Millions of dollars in profits are up
for grabs in post-war rebuilding
The US construction giant – the prime contractor for rebuilding infrastructure in Iraq in a deal estimated at $680 million over 18 months – gave the outlines for how to submit a tender in a London hotel.

 

Between 20 and 30 opponents of the US-led war in Iraq demonstrated outside, chanting, "vultures, vultures".

 

Bechtel hosted a similar meeting in Washington last week and will be in Kuwait for the final presentation to potential bidders.

 

The US corporation was chosen by the US Agency for International Development (USAID) as the prime contractor to rebuild Iraq after the US-led war. Bechtel has been accused of capitalising on its close links to the Bush administration in securing the contract.

 

The company said it expects to farm out at least 90 percent of the rebuilding work.

 

USAID has been criticised for awarding prime contracts only to US firms while excluding many local bidders and foreign firms. The only way in which foreign firms can get USAID work in Iraq is as subcontractors.  

Iraqis have been critical of how
occupation forces are running
their country

 

The Iraq Reconstruction Group, which says it represents some 500 Iraqi professionals, urged Bechtel to work with the people of Iraq.

 

"We don't want Bechtel to be a centre of hate. Please don't do it for the Iraqi people but with the Iraqi people," said group representative Abbas al-Hussaini.

 

Arab companies may be among those which pick up contracts. Jack Shaheen, Bechtel Corporation senior vice president and manager of operations, said contractors from the Gulf and Middle East had proved they could compete with firms from around the world.

"They've demonstrated their ability. They have been doing this for years," Shaheen told reporters on the sidelines of an investment conference that drew top Arab financial officials and business people. "There is no shortage of talent in the Gulf, in the Middle East."

But Bechtel insised that the huge interest shown - estimated to reach 10,000 firms by week's end - is out of all proportion to the amount of business likely to be awarded. It noted that of 14 subcontracts given so far, the average value of each was less than $500,000, except for a single port-dredging contract.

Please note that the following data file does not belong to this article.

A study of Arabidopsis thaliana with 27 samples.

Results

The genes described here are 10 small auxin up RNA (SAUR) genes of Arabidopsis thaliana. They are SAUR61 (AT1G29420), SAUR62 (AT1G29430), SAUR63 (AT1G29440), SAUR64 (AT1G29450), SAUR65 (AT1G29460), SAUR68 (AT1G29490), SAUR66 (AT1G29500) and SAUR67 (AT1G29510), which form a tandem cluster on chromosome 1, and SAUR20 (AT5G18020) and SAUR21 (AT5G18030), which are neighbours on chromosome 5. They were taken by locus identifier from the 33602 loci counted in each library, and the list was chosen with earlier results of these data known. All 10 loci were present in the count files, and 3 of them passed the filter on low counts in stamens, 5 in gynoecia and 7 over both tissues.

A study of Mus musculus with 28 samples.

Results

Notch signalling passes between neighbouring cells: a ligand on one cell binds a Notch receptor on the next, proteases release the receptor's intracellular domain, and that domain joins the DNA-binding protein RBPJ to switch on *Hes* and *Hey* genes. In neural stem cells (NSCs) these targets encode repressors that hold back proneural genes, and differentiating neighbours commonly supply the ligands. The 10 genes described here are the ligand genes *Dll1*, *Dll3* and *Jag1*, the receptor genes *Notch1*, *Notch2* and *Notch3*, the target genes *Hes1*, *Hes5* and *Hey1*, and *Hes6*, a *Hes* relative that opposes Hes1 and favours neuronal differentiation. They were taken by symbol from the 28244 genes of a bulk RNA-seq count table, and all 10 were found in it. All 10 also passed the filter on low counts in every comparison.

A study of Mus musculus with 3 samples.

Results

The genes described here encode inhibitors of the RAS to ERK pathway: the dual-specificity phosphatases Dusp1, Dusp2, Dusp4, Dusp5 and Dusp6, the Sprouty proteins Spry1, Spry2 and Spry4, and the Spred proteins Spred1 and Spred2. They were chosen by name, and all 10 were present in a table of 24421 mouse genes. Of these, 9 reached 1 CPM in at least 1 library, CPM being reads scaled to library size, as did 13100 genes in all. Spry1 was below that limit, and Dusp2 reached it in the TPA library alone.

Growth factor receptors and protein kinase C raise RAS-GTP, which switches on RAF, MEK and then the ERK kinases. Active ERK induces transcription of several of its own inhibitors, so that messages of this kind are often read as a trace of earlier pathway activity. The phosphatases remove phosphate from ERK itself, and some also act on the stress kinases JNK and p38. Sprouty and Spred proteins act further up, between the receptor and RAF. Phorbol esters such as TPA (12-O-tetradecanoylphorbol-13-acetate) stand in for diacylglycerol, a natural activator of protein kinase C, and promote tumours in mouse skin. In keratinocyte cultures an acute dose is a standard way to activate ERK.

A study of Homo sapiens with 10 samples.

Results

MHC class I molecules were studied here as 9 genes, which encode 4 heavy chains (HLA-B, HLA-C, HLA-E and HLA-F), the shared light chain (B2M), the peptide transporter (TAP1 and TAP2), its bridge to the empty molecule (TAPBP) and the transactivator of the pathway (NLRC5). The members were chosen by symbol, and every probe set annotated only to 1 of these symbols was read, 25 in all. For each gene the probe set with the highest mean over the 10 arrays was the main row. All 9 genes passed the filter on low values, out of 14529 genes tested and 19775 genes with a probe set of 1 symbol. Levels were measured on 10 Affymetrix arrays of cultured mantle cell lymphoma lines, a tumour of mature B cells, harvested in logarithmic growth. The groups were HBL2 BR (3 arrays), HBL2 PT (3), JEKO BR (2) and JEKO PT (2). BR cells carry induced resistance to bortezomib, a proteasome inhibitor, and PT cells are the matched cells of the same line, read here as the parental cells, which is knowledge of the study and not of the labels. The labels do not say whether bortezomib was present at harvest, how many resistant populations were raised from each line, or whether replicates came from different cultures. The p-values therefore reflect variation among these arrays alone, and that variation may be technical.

Companies sidelined

 

During today's presentation, Bechtel admitted that firms from nations which had supported the US-led war, such as Britain, had an edge. 

"Will the coalition companies be advantaged? Yes, that's pretty logical," said Tom Elkins, who is in charge of procurement for Bechtel's Iraq work.

Only US firms have benefitted
from the tendering process 
        

"But the French are not excluded," he added, referring to one of Washington's most bitter critics over the conflict.

  

"Get in the theatre. Show you can deliver. Then you're going to be hired," he told around 600 people gathered at a hotel in west London.

Meanwhile, a report in the Wall Street Journal has said that firms belonging to countries that aided the US-backed invasion of Iraq may be given greater consideration.

The newspaper reported in its Thursday edition that despite the US government saying the subcontracting process is going to be fair, open and apolitical, firms belonging to coalition countries are expected to be favoured.

"In private conversations, US officials display a different attitude: anger at allies that did not cooperate in the war and strong suggestions that they won't be winners in the subcontracting process,” the Wall Street Journal said.

Bechtel itself says that it will not play favourites. "We have no such instructions" to blacklist non-coalition nations, said Terry Valenzano, head of Bechtel operations in Kuwait. Aside from countries banned by US laws - Iran, Libya, Syria, North Korea and Cuba - "the list is open”, he said.

But one US official was quoted as saying that the general contractor has been asked to exclude companies from France, the Wall Street Journal added.

However the cynicism appeared to extend to Friday's meeting,

where a US water resources expert, originally from Iran, dismissed the process as a charade.

  

"Business is not done this way usually," he said. "It's just public relations... everything will go to US and UK companies."